Fast-Tracking a Career in Tropical Medicine via “Speed Networking”

Posted 16 November 2016

What do you do when you have a PhD in applied physics from Rice University, solid experience in bioengineering, and a growing passion for doing something on the front lines of global health?
You go speed networking.
That’s what Jennifer Burnett was doing Tuesday evening at the 2016 ASTMH Annual Meeting. Speed Networking with the Experts,” the Society's fourth year of a special session that brings together young scientists, most of them newly minted PhDs, with experts from many areas of tropical medicine.
Over the course of an hour, the young scientists moved from table to table where they held intense, five-minute conversations and talked intellectual passions and career paths with seasoned veterans from a wide variety of fields.
“We started out doing this with just the ASTMH Committee on Global Health, but it’s become very popular and now it involves the entire society,” said Koya Allen, with the Counter Biothreats Cell at U.S. European Command HQ at the Department of Defense European Command Headquarters in Stuttgart.
Allen is one of the speed networking co-chairs. She helps organize the event along with representatives from the ASTMH committees on Clinical Tropical Medicine and Traveler’s Health; Medical Entomology; Arthopod-Borne Viruses; and Molecular, Cellular and Immunoparasitology. She said this year’s session was filed to capacity with about 80 young scientists and 40 experts participating.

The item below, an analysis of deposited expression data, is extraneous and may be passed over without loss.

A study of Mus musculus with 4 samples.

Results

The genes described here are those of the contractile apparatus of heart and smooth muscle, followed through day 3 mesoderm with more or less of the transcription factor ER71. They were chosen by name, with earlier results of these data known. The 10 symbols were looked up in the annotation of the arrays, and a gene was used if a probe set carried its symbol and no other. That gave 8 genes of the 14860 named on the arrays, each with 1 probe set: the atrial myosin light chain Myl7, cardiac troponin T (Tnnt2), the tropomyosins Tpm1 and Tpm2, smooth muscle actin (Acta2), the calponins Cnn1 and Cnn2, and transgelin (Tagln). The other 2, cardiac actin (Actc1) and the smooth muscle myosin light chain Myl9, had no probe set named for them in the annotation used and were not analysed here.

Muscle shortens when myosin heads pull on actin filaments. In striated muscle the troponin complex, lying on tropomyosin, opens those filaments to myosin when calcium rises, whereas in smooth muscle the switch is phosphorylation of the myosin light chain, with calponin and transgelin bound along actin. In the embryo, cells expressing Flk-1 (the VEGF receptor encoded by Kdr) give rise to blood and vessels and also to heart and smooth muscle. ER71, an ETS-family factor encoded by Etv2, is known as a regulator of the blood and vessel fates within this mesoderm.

Burnett said she signed up because she wanted to gain a broader perspective on career options. She said in Houston, where Rice is located, most of the job leads were either defense-related or, given Houston’s ties to NASA, focused on the biomedical aspects of space exploration.  
“In terms of global health, it’s hard to find a company that might be interested in something like diagnostics for infectious disease,” she said.
Her expert of the moment was Davidson Hamer, MD, a Professor of Global Health and Medicine at Boston University who has projects in Zambia and Uganda, where he has worked on neonatal survival, HIV/AIDS and malaria prevention. He told Burnett that “there is a tremendous need” for engineering expertise in global health. For example, he noted the demand for simple, easy to use field devices that can test for drug quality or perform diagnostics.
Meanwhile, at another table, Leora Feldstein, who recently earned a PhD at the University of Washington, was talking to Christopher Mores, PhD, an arbovirologist with the US Navy Medical Research Unit in Lima, Peru. Feldstein already has a job lined up with the Epidemic Intelligence Service at the US Centers for Disease Control and Prevention (CDC).  She said the job “might be exactly what I’m looking for,” as a long-term career.  But she participated in the networking event “because I want to know what else might be out there” for the future.
Mores advised her to “keep coming to meetings like this and make as many friends as you can and see what inspires you.”
“That way, there will always be plenty of room to reinvent yourself,” he said.